Attending a conference that you ran for most of your career is a bit surreal, sort of like Joe Torre might feel sitting in the bleachers at a Yankees game. This summer I went to the Pacific Coast Builders Conference as just another participant—not as guy-in-a-headset-directing-the-event, which had been my role for the previous eighteen years.
I’ve long suspected that conferences are largely an excuse to eat and drink with colleagues and friends—that the sessions and learning objectives are simply the rationale we use to justify a social investment—and my recent experience only solidifies that hunch. While I heard some fantastic speakers there (Sir Ken Robinson and Gary Vaynerchuk among them), my enduring memories will be the conversations and laughter over dinner.
If people are the heart of community, then place and context are its connective tissue. So when a group of us gathered in the courtyard at Sociale—a gem of a restaurant that bills itself as a “neighborhood gathering spot,” tucked down a brick-lined, ivy-leafed alley in San Francisco’s Presidio Heights—how could we feel anything less than convivial in a setting so warm and welcoming?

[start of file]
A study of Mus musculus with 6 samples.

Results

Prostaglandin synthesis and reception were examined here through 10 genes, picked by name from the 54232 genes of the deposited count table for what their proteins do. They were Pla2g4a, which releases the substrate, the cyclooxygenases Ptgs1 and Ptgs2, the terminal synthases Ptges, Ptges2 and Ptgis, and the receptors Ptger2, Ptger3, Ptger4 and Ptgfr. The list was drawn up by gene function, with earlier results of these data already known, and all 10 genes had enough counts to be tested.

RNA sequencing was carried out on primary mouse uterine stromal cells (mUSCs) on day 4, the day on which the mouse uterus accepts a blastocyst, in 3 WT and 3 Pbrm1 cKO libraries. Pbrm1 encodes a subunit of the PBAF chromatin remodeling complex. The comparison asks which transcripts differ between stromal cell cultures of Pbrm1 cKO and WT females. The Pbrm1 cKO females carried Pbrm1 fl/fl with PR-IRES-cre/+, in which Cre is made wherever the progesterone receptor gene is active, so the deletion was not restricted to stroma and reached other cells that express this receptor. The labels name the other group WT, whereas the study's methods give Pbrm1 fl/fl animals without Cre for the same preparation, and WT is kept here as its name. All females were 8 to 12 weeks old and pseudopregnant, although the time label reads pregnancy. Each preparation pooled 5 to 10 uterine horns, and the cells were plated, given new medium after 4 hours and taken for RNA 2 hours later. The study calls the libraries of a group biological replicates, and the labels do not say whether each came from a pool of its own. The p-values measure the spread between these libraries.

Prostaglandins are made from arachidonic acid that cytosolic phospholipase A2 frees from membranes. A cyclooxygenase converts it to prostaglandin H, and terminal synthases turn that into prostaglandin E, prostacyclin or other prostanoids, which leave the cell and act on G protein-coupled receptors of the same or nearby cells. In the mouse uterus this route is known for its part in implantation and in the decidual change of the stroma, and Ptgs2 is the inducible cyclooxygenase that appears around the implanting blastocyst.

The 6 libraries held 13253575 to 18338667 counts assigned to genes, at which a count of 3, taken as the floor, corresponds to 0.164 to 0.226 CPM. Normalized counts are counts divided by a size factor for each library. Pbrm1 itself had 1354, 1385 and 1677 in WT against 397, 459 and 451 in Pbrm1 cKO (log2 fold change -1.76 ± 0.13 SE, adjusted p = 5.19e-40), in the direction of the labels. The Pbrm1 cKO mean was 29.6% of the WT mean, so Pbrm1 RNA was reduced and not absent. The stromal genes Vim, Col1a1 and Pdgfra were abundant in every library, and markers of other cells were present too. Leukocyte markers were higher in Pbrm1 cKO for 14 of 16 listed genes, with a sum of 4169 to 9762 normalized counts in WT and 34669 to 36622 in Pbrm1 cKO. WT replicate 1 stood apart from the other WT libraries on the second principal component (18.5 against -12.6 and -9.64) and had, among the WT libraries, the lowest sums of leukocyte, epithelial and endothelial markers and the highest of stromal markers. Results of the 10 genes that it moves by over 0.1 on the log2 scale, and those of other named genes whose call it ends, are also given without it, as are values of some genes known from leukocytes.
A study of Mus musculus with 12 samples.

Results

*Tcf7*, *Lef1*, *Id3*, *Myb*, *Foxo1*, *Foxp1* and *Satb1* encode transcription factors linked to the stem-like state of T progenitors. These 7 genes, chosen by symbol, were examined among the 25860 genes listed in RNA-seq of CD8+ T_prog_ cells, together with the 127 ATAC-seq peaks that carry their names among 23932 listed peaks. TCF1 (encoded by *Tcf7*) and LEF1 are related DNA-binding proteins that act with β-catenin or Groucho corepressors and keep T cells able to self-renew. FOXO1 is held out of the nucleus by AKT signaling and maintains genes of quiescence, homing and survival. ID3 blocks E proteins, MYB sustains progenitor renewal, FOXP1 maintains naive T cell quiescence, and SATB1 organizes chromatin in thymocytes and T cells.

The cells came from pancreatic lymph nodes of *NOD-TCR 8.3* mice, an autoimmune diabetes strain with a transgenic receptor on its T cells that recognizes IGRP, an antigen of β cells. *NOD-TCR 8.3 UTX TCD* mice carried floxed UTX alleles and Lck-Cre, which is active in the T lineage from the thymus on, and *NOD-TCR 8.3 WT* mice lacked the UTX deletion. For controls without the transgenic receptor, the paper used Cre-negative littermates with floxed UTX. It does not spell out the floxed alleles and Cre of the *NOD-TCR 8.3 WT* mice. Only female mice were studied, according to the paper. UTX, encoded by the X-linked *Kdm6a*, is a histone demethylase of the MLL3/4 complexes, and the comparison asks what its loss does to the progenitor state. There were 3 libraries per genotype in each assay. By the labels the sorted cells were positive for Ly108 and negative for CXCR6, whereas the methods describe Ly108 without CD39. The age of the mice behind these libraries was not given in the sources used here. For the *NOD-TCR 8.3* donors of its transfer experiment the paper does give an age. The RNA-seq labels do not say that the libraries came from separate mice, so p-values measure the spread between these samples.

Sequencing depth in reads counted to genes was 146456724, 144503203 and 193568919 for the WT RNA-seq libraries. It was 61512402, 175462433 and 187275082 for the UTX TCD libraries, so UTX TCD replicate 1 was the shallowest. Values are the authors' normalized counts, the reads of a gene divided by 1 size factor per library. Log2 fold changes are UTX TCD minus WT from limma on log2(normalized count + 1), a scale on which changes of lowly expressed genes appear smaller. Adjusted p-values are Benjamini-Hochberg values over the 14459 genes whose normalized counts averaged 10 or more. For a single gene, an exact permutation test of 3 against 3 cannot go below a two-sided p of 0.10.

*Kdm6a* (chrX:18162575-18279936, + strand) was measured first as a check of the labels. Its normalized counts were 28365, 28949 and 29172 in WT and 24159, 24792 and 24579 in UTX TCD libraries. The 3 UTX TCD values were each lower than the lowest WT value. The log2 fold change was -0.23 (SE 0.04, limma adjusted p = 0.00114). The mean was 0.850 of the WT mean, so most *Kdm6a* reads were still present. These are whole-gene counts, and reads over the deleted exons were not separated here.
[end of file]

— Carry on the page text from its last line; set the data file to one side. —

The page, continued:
Sociale’s founder and proprietor, David Nichol, came from a fast-paced career in the tech sector that ended with the dotcom crash. He described that experience to me as “a passage” that brought him to the things he really loves: food, wine and social gatherings, which prompted him to open his restaurant.
The Great Recession has been brutal, wiping out businesses and derailing careers. But if we choose to see it David’s way, it can also be a passage to something better. Ask yourself this question: are you more passionate about, and fulfilled by, the work you’re doing today than you were four years ago? For a lot of us, myself included, the money to be made during the booming economy was an obstacle to something more meaningful.
One of the women who was at that dinner shared a wonderful quote from Slow Food that has become a touchstone of hers: “Make sure what you do has a story behind it that you are proud of.”
A story contains emotion. A story that you’re proud of contains substance. A life worth living has both in abundance.
May we all, by design or by accident, find the passage to it.
A version of this article previously ran on thevinespeaks.com.